The Government of India has described the left extremist movement as the greatest internal threat of the country. Yes, through these kind of inhuman acts Maoists are proving again and again that they are the greatest internal scourge of our times. It undermines peace, democracy and freedom endangering the humankind as a whole.
The figures computed by the Ministry of Home Affairs shows that, from 2000 to 2007, the Maoists had brutally killed 4067 civilians in various parts of our country. The present scenario necessitated to examine the nature and beginning of Maoist movement in India.
Where the movement originate? Does it have a strong ideological background? Then for what purpose they are killing innocent people? Let us go back to the old Naxal Bari village.
The left wing extremist movement, which we popularly called naxal revolution, began as a peasant uprising in May, 1967 at Naxal Bari, a small village in West Bengal. During that time feudalism was in full swing at Naxal Bari, villagers were under the clutches of feudal land lords.
Obviously the movement had started as a protest against feudal exploitation and oppression over rural power. But unfortunately the alien ideology of communism exploited the ignorance of villagers under two communist revolutionaries Charu Majumdar and Kanu Sanyal.
They defined the objective of the new movement as seizure of power through an agrarian revolution and considered communist China as their mentor. Slogans such as 'China"s Chairman is our Chairman" suddenly sprouted on Kolkata walls.
China"s official radio, Radio Peking hailed the Naxal Bari events as the spring thunder. Through his writings Charu Majumdar imparted a taste of violence in the youth not only against landlords but also against the country.
With the formation of Communist party of Marxist Leninist (CPI (ML)) by Charu Majumdar in 1969, the naxal movement spread its tentacles across various parts of the country. But the police had quelled the Naxal Bari uprising and Charu Majumdar was killed in the police custody on July 28, 1972. Majumdar"s death caused a serious debacle to the movement and it became inactive for some period. But their 'agrarian revolution'turned to a cruel blood war.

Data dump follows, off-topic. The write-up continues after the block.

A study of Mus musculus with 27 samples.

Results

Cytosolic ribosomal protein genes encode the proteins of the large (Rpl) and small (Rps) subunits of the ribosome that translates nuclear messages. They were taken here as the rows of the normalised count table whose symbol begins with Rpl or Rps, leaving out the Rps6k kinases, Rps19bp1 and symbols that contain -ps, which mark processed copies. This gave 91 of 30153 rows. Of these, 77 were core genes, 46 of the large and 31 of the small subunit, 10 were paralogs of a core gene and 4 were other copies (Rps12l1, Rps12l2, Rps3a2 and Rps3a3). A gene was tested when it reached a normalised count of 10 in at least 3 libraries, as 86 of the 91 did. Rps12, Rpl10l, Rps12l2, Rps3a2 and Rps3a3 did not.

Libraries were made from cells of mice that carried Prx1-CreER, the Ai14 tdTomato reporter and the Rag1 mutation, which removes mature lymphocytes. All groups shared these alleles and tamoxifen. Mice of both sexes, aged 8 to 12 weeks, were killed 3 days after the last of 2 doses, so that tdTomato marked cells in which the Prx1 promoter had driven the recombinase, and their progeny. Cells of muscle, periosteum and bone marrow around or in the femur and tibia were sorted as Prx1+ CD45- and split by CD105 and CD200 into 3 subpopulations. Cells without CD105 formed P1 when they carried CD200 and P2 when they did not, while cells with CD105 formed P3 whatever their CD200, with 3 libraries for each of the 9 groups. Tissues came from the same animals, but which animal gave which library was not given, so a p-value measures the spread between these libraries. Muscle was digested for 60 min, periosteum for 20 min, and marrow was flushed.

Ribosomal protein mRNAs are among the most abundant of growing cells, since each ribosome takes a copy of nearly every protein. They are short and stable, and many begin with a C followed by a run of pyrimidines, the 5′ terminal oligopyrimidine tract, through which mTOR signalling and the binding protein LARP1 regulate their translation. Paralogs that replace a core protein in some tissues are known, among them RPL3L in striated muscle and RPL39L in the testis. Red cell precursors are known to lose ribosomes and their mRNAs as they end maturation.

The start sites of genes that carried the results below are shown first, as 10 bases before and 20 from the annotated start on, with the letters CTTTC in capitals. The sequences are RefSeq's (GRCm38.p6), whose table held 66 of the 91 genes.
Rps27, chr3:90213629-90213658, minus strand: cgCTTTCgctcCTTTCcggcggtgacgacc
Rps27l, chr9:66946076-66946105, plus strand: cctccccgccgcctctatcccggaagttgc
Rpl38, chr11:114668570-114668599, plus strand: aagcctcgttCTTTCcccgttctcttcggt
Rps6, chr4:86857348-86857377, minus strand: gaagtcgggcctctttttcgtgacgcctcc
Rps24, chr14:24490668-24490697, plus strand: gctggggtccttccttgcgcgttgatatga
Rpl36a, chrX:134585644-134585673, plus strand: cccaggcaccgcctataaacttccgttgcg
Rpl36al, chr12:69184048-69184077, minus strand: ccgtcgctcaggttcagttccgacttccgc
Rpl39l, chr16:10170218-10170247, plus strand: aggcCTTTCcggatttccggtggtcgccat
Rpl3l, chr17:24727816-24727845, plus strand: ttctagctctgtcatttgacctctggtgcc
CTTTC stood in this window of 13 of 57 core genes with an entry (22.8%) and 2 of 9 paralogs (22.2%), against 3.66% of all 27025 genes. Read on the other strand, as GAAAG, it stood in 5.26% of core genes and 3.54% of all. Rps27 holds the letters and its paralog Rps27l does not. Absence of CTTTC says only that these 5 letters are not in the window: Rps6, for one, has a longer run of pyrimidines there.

By the 1970s, the Naxal movement had spread far-flung areas like Kerala and Andhra Pradesh in the south, Bihar in the east and Punjab in the north. But the movement was fragmented into several disputed factions.
Among this, Peoples War Group based on the villages in Andhra Pradesh and Maoist Centre focusing on the jungles of Bihar were the prominent organizations. After dissolving the above two groups into one, the Maoist movement again strengthened in 2004.
As of 2009, Naxalites are active across approximately 220 districts in twenty states of India, accounting for about 40 per cent of India"s total geographical area. They are especially focusing in an area known as the Red corridor, where they control 92,000 sqkms. According to Research and Analysis Wing (RAW), 20,000 armed cadre Naxalites were operating apart from 50,000 regular cadres working in their various organizations.
This growing influence of Naxalism prompted Indian Prime Minister Dr Manmohan Singh and Home Minister P Chidambaram to declare them as the most serious internal threat to India"s national security (2010).
Also the government has started a military operation 'Green hunt", to curb the Naxal movement. But the recent attacks in Bengal and Bihar by the Maoists was a reflex action to this operation Green hunt. Thousands of Indians have lost their lives in the war against red terror; in tackling the terror what we need is a strategic vision.
Along with the military action the state governments have to find solutions for the miserable life of people in Naxal dominated areas. Also the nationalist forces should come to the fore to impart patriotic values to the people living in those areas.